Elders district wool broker Brett Smith has been crowned the 2017 National Council of Wool Selling Brokers of Australia's Wool Broker of the Year.
Mr Smith, who covers the expansive North West NSW and Southern Queensland region, was tonight presented with the prestigious title during the Australian Wool Industries Secretariat’s Wool Week gala, held at Aerial, Melbourne.
Competition judge Charlie Merriman, director WoolProducers Australia, said it was Mr Smith’s holistic approach to servicing woolgrowers which earned him the industry’s top gong.
“Brett showed he is improving his clients’ profits and even, in his big pastoral area, survival of the Merinos during dry times,” Mr Merriman said.
“Through his facilitation of Merino nutrition and productivity programs, he has shown he can work with all woolgrowers in his region – not just his agency’s growers - which will stand him in very good stead in the future.
“Brett’s support of (the) Pastoral Profit Program has helped growers’, so when the dry times come along, they have been able to better manage their financial requirements.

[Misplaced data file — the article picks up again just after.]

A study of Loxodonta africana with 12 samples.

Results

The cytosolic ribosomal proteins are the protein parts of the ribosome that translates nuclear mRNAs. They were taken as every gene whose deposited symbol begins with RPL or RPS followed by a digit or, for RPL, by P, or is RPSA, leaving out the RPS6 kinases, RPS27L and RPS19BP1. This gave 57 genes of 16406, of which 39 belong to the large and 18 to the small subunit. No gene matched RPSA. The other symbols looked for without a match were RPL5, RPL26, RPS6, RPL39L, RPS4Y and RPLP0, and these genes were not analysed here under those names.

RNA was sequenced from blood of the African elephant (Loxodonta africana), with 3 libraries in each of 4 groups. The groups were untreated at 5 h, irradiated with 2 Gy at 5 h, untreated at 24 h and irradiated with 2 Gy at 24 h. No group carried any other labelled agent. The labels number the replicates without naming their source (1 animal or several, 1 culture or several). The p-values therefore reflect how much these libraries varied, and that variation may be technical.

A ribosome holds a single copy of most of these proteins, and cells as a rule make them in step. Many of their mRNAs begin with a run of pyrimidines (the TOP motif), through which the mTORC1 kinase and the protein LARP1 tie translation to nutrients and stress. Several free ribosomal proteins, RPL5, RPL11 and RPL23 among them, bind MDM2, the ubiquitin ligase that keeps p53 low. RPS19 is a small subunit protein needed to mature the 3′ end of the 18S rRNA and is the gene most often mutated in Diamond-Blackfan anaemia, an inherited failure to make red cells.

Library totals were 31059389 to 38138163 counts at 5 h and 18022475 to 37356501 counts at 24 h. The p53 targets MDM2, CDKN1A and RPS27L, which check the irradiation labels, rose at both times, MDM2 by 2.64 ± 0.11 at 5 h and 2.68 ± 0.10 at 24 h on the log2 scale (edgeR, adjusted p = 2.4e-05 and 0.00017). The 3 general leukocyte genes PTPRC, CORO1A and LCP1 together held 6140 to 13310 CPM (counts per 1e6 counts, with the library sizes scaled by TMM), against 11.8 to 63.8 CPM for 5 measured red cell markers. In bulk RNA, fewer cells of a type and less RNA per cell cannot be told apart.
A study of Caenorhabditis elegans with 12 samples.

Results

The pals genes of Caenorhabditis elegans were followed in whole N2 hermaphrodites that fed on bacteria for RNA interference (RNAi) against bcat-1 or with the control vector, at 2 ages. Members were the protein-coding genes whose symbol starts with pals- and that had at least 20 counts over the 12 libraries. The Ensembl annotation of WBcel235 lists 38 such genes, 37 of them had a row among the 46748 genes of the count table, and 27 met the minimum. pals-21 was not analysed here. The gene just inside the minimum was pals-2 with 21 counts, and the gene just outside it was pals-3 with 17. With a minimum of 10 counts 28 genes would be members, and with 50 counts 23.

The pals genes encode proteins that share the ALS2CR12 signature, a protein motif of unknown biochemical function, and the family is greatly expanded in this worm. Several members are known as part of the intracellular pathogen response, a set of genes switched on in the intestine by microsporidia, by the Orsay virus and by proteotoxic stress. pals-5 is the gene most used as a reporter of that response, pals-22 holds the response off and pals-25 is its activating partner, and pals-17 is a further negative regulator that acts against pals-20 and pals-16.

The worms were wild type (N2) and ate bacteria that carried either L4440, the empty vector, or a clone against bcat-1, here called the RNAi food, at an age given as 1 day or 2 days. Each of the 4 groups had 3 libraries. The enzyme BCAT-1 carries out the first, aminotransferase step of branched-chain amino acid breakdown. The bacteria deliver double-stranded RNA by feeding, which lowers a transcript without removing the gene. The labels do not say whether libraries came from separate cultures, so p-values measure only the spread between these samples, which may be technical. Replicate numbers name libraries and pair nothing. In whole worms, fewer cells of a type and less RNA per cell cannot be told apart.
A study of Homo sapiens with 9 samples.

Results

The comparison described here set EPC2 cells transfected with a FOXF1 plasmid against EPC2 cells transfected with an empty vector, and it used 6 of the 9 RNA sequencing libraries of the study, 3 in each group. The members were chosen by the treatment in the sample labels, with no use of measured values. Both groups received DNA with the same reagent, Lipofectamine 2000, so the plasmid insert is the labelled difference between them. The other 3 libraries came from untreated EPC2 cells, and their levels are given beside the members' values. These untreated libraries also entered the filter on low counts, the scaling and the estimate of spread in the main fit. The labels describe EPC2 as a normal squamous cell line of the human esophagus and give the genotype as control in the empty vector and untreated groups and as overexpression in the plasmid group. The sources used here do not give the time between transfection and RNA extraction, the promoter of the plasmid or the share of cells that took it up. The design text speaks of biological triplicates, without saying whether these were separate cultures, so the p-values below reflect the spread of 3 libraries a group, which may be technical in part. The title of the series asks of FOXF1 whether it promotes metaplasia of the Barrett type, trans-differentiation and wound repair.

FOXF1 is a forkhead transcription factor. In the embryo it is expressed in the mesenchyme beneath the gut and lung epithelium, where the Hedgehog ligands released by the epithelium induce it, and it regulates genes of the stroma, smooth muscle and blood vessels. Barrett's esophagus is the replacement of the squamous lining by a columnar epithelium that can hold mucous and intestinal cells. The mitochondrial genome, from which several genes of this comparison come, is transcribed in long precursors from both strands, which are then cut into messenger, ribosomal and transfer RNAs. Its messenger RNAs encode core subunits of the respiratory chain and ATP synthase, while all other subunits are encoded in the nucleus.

“To have an agent that can help you with your livestock, while maintaining some continuity of income is impressive.”
Sponsored by Fairfax Media and Australian Wool Testing Authority (AWTA), Mr Smith will be flown to the International Wool Textile Organisation’s congress next year where he will be exposed to the wider wool industry beyond greasy wool auction, as well as the international trading rules system for wool.
Fellow panellist Ian Ashman, general manager of AWTA, said the award showcased the critical role brokers played in lifting the profile and production of Australia’s wool industry.
“A rising tide lifts all boats, and that is relevant to a good brokers’ impact on the entire industry,” Mr Ashman said.
Mr Smith competed against finalists’ Landmark, Bendigo wool account manager Candice Cordy and Australian Wool Network wool and sheep specialist Russell Macgugan, Western District, Victoria.
“What we see with these finalists, compared to the traditional brokers, it is not just a matter of turning up to a property at shearing, these guy need to know the clips, the values in the market, know the trading options as well as market risk strategies,” Mr Ashman said.
“They also need to know about fibre to garment and possess knowledge about the total processing chain.
“A modern broker now looks at genetics, and has knowledge on Australian Sheep Breeding Values, and knowledge about the meat production.
“The job has changed and now it is a given you have all these skills in your portfolio.”